The Australian Competition and Consumer Commission (ACCC) is lecturing internet service providers (ISPs) over being truthful in advertisements about the speeds available over hybrid fibre-coaxial and fibre networks ahead of the roll-out of the National Broadband Network.
The peak competition body has today released an information paper (PDF) to air concerns the ACCC has that telcos may advertise HFC and fibre (NBN based or not) broadband speeds as being higher than those actually experienced by the end user. The ACCC has advised telcos offering such services either on the NBN or through existing fibre networks to avoid using terms like "up to", "maximum" or "peak" if it is unlikely that speed will ever be able to be reached by the consumer.
The ACCC wouldn't be afraid to take the telcos to task if the commission believes the ads are misleading users, according to chair Graeme Samuel.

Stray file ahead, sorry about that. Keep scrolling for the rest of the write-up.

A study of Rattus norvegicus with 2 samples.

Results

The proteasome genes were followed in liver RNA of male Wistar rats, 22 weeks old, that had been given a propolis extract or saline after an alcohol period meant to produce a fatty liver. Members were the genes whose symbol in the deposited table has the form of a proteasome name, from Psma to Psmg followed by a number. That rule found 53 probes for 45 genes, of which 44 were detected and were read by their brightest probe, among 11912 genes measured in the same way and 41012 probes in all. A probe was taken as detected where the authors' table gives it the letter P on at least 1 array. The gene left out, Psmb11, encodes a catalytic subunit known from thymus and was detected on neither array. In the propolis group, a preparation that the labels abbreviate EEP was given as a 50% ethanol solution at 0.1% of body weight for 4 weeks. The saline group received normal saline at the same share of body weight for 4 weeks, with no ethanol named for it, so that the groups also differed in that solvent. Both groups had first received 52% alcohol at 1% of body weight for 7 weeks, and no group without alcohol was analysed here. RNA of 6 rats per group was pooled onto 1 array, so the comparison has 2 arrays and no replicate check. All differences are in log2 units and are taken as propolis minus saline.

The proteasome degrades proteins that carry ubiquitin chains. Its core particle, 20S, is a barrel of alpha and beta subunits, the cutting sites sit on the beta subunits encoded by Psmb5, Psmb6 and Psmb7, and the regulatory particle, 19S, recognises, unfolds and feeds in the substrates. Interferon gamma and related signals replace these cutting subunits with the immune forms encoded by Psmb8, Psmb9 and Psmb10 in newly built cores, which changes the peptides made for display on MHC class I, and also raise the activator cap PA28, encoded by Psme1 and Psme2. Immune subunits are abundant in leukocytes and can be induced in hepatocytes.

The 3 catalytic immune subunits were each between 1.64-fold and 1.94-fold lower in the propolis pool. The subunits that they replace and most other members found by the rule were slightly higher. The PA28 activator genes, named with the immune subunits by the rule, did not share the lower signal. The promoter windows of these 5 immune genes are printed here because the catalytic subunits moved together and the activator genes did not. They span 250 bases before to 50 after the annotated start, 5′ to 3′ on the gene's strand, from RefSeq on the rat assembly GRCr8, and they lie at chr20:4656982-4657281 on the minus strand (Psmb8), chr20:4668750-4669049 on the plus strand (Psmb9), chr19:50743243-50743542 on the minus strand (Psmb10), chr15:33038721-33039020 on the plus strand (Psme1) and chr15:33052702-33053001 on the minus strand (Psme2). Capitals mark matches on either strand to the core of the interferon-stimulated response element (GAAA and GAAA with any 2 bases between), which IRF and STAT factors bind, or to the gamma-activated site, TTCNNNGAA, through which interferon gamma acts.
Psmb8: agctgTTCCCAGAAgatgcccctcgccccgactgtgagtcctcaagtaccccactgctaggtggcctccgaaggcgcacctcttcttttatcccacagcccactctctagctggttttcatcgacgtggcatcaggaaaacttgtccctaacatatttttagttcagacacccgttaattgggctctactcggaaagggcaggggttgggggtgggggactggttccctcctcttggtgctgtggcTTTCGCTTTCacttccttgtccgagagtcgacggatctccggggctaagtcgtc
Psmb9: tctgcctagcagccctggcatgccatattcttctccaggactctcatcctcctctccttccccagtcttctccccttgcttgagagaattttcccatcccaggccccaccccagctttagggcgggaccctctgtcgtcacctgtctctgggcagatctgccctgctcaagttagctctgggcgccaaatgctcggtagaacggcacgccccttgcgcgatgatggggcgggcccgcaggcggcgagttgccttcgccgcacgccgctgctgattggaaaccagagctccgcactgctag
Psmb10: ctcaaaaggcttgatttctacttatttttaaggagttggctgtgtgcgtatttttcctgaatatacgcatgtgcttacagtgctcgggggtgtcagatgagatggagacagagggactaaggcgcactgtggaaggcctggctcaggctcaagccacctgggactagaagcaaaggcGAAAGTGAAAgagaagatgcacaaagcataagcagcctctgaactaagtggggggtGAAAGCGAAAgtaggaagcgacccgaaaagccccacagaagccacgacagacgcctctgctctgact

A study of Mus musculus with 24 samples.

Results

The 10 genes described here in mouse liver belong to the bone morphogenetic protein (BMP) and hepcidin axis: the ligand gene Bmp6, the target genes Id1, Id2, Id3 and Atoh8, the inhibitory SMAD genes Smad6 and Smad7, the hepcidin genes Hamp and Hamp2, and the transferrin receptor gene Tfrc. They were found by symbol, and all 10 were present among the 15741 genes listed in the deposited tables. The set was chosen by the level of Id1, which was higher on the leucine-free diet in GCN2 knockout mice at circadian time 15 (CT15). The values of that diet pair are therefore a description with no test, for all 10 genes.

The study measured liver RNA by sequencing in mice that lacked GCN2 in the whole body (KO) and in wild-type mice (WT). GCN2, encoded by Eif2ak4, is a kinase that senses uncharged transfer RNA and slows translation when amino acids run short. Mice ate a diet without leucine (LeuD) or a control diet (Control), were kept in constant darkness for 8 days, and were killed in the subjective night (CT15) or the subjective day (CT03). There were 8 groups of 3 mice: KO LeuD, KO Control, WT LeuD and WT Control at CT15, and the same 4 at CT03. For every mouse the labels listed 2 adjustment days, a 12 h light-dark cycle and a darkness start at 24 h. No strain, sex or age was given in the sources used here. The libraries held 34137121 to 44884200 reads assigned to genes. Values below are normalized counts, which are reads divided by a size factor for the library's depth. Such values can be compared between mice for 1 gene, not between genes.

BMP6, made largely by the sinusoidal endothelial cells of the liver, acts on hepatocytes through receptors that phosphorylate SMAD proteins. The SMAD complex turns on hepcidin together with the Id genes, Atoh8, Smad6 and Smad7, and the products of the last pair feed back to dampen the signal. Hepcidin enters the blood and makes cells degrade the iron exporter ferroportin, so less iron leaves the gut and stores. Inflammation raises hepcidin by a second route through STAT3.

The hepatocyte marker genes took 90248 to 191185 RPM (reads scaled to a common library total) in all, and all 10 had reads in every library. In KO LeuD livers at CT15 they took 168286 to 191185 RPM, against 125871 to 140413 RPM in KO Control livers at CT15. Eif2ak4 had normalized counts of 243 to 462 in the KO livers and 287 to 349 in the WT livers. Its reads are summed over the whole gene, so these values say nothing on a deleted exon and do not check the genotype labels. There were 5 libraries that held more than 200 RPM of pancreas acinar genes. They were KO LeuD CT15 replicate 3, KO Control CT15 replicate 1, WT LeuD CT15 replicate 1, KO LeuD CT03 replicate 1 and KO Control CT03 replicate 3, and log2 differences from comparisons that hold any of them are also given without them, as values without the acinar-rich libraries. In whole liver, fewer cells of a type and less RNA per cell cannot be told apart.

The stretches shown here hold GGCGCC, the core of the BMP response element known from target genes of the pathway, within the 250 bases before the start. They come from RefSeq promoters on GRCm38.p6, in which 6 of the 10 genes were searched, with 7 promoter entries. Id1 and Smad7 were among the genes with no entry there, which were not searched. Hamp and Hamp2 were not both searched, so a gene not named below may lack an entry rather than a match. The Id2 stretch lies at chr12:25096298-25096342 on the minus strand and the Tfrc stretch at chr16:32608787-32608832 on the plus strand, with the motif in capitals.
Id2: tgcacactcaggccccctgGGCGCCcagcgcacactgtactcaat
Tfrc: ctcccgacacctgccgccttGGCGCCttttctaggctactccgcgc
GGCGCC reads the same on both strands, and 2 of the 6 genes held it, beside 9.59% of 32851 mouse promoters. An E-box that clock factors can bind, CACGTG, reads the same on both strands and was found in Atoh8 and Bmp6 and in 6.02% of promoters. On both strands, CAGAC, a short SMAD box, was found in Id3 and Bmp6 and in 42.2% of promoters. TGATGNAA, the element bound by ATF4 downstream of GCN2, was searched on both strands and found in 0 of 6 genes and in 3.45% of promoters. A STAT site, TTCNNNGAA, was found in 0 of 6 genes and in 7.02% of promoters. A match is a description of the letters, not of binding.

"ISPs that under-deliver on their promises and fail to demonstrate a reasonable basis for their claims will be liable to ACCC enforcement action," Samuel said. "The increase in the availability of high-speed broadband services can offer significant benefits to consumers and an opportunity for greater competition between retail ISPs."
"However, for these benefits to be fully realised, ISPs must ensure that they do not market their services in a way that misleads consumers and results in an unfair competitive advantage."
Over the past year, the ACCC has taken Optus, TPG and Dodo to court over their advertising of copper-based broadband services. In the case of Optus, the telco copped fines and penalties for the advertisements of two of its broadband plans, which failed to make clear to users that once their monthly download limit was exceeded, their speed would be throttled to 64 kilobits per second.